Not Just a Bunch of Mitt Romneys
A new survey reveals that Mormons’ beliefs aren’t always what you’d predict.
Justin Sullivan/Getty Images.
When it comes to the public perception of Mormonism, Mitt Romney is both a blessing and a curse. He is responsible for a sizable portion of the potentially illuminating attention that’s being lavished on his religion. But his presence also shapes the conversation about Mormonism to such a degree that even a significant sociological document like Pew’s “Mormons in America”—the first “nationally representative survey focused exclusively on Mormons” to be published “by a non-LDS research organization”—can’t emerge from the candidate’s shadow. (Disclosure: Though I haven’t seen Mitt Romney in several years, I spent much of my adolescence at the Romney household, as Mitt’s son Ben was one of my best childhood friends.)
Consider this AP story, which mentions Romney in the second paragraph and largely considers Mormonism in light of electoral politics. “About 77 percent of Mormons in the survey identify with or lean toward the Republican Party,” the AP reports,
and most hold much stronger conservative views than the general public. Three-quarters support a smaller government that provides fewer services. The same percentage say having an abortion is morally wrong. Two-thirds believe homosexuality should be discouraged.
While these facts are worth noting, the Pew report, read more closely, complicates the identification of Mormons with the Republican Party, and highlights aspects of the faith that most Americans are likely unaware of.
For instance: Nearly as many Mormons said that “working to help the poor” is essential to being a “good Mormon” (73 percent) as believing “Joseph Smith saw God the Father and Jesus Christ” (80 percent). By contrast, just less than half of Mormons believe that abstaining from coffee and tea is essential to being a good Mormon, and 32 percent rate “not watching R-rated movies” as essential.
Those familiar with the Mormon “Law of Consecration” will be less surprised at this result than those whose knowledge of Mormons comes primarily from following the Republican primaries. That law is laid out in one of the major Mormon scriptures, a book of modern revelations called the Doctrine & Covenants, in which Joseph Smith is instructed by God that “thou wilt remember the poor, and consecrate of thy properties for their support that which thou hast to impart unto them, with a covenant and a deed which cannot be broken.” This revelation led to the establishment of a communitarian system among the early Mormons called the United Order. That experiment didn’t last long, but the Law of Consecration is still invoked by Mormons in, for instance, discussions of the church’s welfare program. Whatever Mormons may think about the U.S. government’s welfare system, a portion of their church tithing does fund a welfare program specifically for other Mormons—and this, too, may influence Mormon attitudes about the importance of helping the poor.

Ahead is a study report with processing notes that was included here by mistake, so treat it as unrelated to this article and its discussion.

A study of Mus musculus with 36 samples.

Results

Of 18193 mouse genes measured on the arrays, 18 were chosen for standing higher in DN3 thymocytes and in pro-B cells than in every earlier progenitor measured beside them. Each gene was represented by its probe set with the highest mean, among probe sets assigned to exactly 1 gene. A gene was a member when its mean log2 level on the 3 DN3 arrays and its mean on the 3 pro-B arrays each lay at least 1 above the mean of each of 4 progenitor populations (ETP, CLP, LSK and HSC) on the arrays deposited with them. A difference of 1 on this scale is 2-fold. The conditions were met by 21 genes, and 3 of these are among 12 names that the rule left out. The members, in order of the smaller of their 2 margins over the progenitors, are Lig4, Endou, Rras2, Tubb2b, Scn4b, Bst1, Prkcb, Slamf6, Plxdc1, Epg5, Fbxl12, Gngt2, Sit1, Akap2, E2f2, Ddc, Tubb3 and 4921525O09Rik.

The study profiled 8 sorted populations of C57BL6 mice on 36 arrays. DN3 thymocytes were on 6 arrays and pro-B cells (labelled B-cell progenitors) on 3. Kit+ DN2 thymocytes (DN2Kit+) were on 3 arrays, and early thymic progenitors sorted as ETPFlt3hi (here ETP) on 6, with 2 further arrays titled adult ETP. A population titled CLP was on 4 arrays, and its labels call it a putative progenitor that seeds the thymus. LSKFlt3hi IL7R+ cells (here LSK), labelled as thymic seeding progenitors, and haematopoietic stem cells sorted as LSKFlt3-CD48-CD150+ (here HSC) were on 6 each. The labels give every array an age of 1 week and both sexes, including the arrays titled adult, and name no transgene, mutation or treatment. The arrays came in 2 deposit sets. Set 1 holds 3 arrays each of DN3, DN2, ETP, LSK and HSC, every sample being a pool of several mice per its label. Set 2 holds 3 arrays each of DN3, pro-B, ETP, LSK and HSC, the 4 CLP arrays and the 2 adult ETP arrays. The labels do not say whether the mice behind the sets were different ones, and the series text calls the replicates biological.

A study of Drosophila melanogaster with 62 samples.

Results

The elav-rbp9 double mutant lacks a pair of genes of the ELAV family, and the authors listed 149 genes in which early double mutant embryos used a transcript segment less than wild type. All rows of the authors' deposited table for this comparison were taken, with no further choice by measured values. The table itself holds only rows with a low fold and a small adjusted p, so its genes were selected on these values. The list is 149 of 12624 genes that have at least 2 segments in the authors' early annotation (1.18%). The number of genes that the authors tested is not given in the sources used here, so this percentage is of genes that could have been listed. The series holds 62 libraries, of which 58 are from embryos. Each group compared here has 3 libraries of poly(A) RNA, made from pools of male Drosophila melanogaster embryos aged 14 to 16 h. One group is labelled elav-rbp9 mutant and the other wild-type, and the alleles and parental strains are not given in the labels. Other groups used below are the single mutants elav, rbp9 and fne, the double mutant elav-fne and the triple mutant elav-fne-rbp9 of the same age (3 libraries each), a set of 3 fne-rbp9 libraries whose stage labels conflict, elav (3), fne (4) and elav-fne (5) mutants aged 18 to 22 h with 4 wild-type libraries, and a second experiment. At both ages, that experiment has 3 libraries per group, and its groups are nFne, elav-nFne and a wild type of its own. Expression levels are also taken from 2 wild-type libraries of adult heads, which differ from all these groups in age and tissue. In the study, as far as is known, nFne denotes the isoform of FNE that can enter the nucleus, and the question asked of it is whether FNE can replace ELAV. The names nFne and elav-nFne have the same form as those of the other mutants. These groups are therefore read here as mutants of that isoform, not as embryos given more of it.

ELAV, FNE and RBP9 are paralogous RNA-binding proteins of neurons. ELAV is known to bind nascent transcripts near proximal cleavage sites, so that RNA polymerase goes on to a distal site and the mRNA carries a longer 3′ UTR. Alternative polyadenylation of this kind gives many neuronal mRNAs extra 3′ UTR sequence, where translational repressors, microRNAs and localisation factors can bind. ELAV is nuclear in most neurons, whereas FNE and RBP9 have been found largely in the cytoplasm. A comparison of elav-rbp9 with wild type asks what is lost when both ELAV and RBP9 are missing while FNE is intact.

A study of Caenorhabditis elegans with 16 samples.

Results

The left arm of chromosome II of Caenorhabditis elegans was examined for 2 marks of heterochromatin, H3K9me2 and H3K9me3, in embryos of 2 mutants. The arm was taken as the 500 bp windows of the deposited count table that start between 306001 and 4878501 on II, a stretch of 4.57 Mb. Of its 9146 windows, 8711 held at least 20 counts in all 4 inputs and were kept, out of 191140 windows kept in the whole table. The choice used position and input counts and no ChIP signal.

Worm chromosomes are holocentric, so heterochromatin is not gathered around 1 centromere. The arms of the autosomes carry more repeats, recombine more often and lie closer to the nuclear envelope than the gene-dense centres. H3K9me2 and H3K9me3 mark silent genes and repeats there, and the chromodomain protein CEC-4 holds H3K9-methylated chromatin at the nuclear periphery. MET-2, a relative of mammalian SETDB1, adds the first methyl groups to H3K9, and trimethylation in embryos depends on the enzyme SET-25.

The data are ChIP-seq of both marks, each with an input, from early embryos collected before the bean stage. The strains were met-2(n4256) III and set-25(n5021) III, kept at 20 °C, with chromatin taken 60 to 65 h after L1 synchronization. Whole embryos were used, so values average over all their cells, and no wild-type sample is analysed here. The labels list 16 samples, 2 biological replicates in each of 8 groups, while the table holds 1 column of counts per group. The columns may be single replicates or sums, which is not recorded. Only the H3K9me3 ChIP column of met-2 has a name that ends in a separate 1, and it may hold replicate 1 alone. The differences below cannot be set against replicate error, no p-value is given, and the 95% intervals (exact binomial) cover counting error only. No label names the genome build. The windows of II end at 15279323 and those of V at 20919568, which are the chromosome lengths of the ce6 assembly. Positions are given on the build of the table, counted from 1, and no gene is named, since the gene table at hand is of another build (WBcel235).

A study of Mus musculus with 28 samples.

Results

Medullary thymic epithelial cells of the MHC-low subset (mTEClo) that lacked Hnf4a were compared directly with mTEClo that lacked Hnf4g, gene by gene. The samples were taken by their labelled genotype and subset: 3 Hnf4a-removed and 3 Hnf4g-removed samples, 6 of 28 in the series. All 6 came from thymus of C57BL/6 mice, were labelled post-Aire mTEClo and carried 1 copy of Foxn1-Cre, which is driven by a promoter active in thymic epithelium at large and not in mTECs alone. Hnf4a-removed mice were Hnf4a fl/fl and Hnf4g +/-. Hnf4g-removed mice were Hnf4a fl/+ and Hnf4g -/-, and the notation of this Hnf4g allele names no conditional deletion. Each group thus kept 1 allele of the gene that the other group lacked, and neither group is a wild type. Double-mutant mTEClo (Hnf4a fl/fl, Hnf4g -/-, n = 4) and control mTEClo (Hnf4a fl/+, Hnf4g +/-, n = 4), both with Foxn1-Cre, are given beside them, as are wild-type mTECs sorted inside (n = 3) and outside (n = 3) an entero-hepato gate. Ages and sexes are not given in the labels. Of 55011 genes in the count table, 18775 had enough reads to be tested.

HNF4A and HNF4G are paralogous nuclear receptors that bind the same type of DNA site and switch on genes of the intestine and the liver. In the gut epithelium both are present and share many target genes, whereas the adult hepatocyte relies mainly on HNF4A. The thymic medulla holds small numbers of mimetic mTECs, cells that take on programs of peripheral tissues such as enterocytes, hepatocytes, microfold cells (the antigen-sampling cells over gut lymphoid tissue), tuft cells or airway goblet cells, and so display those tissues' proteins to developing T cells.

I also wonder if those attitudes inform LDS opinions on immigration: Mormons, as the Pew survey demonstrates, have a more positive impression of new immigrants than what you might expect from such a conservative group. Forty-five percent say that “immigrants strengthen the U.S. because of their hard work and talents,” while 41 percent believe they “burden the U.S. by taking American jobs, housing and health care.” On a conference call this morning, a Pew researcher said that there is a link between serving a Mormon mission and having a positive impression of immigrants.
Again, those who have followed the church won’t be surprised by this. Last spring, church authorities publicly supported a comprehensive immigration reform bill in Utah that was opposed by anti-immigration activists. In June, the church issued a statement declaring that the “Church of Jesus Christ of Latter-day Saints is concerned that any state legislation that only contains enforcement provisions is likely to fall short of the high moral standard of treating each other as children of God.” But for those who have equated the positions of Mitt Romney or the Republican Party with those of all Mormons, this attitude toward immigration may seem unexpected. (Romney himself is, unsurprisingly, hugely popular among Mormons, according to the survey: 86 percent of the respondents who were also registered voters viewed him favorably. Only 50 percent of those respondents like Jon Huntsman, the other Mormon presidential candidate—and just 22 percent like Harry Reid, the Democratic senator from Nevada, also a Mormon.)
Even for experts on Mormonism, the whole survey is worth reading. Who would have guessed that Mormons were more likely to view yoga as “a spiritual practice” than other Americans (27 percent vs. 24 percent)? And while “the way Mormons are portrayed on TV and in the movies” is largely seen as detrimental to “society’s image of Mormons,” a slight majority of Mormons say that “news coverage of Mormonism is fair.” If it’s read as more than just a survey of Mitt Romney’s electoral prospects, the Pew study should make it more so.